The holidays are a time for family gatherings, celebration and community, and for some children, it’s also a time when they get to see the parent who isn’t in their everyday life. As a collaborative divorce lawyer Wheaton, I have helped numerous clients prepare for their future, including having a solid plan for the holiday season.
So how can parents navigate this tricky situation that often stirs up feelings of anger or resentment? How can we make sure our children don’t feel like they’re being torn between two worlds or that one parent is trying to replace another? There are some things you can do to alleviate stress, enjoy the holidays, and make sure the kids have the best experience.
Be prepared to share your time and compromise during the holidays
If you are not already doing so, start a communication plan with your former partner. You likely already have a parenting schedule, so if adjustments need to be made for special events or activities, communication and compromise will be essential. As a parent who cares about his or her children, it’s important to remember that agreeing on holiday arrangements for the kids is one of the best ways to demonstrate how much you love and care about them.
Be thoughtful about gift giving
As you plan your time with your children, it can be helpful to think of gifts as an extension of that plan. If you have a gift-giving dinner with your children on a day when they will spend the night with their dad, consider buying something thoughtful for him, something that reflects his interests and hobbies. It’s always nice to do something special for the other parent when they’re spending time with the kids. Also, this is a good way to model to your children that just because you are divorced, doesn’t mean you cannot behave kindly towards one another.
If you are giving gifts to your child(ren), make sure those gifts reflect something special about them or your relationship. Don’t look at gift giving as a way to outdo or outspend the other parent. As a collaborative divorce lawyer Wheaton, I focus on making the process as amiable as possible. That way, when you experience these situations in the future where you have to work together, co-parenting will be less stressful.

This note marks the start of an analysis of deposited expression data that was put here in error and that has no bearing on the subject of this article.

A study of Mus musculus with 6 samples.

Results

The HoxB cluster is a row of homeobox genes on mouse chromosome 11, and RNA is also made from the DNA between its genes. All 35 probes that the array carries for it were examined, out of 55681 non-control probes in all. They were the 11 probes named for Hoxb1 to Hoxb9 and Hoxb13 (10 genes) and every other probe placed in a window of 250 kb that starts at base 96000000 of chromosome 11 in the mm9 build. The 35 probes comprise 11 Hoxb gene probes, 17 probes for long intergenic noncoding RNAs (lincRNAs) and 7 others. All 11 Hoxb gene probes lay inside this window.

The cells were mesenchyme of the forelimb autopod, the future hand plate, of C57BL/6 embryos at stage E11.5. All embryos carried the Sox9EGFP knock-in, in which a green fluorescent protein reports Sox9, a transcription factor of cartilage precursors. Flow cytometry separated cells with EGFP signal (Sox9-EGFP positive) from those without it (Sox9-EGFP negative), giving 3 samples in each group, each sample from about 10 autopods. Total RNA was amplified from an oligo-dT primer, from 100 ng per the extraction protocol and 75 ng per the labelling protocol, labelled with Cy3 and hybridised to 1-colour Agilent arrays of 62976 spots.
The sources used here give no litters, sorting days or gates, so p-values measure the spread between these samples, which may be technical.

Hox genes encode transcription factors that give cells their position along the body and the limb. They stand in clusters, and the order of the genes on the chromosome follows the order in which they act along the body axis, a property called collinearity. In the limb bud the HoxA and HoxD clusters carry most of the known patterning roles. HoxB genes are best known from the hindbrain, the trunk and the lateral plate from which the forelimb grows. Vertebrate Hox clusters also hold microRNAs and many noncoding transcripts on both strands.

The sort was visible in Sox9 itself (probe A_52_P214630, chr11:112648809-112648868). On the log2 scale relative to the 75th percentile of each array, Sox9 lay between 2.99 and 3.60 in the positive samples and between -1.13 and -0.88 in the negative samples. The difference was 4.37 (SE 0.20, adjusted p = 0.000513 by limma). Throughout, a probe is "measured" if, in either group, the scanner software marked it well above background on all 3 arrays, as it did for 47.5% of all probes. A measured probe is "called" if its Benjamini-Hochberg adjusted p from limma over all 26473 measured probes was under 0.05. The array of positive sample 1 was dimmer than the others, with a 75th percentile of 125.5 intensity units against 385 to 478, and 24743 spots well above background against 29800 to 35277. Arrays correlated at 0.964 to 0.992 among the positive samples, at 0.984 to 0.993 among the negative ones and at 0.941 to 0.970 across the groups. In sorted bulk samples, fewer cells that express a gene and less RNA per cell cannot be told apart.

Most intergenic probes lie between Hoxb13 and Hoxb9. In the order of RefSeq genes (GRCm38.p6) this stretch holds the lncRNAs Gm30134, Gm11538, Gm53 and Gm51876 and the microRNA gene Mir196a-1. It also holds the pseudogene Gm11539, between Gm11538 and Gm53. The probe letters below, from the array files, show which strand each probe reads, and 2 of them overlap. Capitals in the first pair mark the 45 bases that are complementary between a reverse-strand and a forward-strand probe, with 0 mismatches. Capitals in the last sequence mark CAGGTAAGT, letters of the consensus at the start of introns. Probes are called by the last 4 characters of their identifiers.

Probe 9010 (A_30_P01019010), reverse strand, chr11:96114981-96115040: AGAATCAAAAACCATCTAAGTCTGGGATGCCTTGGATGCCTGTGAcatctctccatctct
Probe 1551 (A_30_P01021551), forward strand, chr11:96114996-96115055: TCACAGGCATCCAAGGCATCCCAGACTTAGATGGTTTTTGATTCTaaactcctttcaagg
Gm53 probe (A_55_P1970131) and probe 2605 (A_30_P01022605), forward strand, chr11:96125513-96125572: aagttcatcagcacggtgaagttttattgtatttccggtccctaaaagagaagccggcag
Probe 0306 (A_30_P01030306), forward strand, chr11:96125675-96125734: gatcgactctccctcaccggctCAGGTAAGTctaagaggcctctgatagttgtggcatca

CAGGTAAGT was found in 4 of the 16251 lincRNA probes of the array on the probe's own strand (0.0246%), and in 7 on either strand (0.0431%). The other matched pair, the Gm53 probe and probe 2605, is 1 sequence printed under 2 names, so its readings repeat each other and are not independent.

Be positive about the holidays and their time with your former partner
- Don’t make negative comments about the other parent. This can be difficult, especially if you’re feeling frustrated and angry. But it’s important that you keep your thoughts to yourself and avoid saying anything negative about the other parent in front of your children.
- Avoid making negative comments about the other parent’s family or friends. Your kids should not hear you bad-mouthing their other relatives, and they don’t need to know that you don’t like their grandparents on the other side.
- Avoid talking negatively about the other parent’s lifestyle choices or career path. Your children may see this as an attack on them.
Avoiding negative talk about your former partner is really best for your children. No matter how you feel, they love that person and you want to make sure they do not feel bad about spending time with them. As a collaborative divorce lawyer Wheaton, I have seen how a positive relationship between co-parents can make children feel incredibly loved and supported.
If possible, try making plans with each parent individually so there isn’t too much time spent away from one another during this special time of year. Even if it means having dinner with one parent Tuesday night and again Thursday night they may need it during the holiday season. Any positive interaction you can help create will help your child enjoy the magic of the holidays.
Help your child process their feelings
The holiday season can be a difficult one for children of divorce. For some, it’s an opportunity to navigate extraordinary family dynamics while helping a child feel loved and cared for by both parents.
In these circumstances, it’s important to remember that every child is different and will have their own unique response to the holidays. Some children may struggle with feelings of sadness, loneliness or anger when they see their family celebrating without them. The most important thing is not trying to control how your child feels, but rather let them know how much you love them no matter what happens between you two as parents.
You can make the holidays enjoyable for everyone – collaborative divorce lawyer Wheaton
When you focus on your children first, the holidays will be more enjoyable for everyone. What’s best for your children is not placing them in a loyalty bind. You do not want them to feel guilty about loving either of their parents. Of course it would be wonderful for them and you to be around your extended family. Of course it would be great if you could trick-or-treat with them or take them to the tree lighting, or that New Year’s Eve concert. However, what is best for the kids is to not have their parents fighting with one another.
As a collaborative divorce lawyer Wheaton, I know that you can make the holidays a better experience for your children. By taking the time to plan ahead and think about these issues with your former partner, you’ll be able to avoid many of the pitfalls of divorce during this difficult time.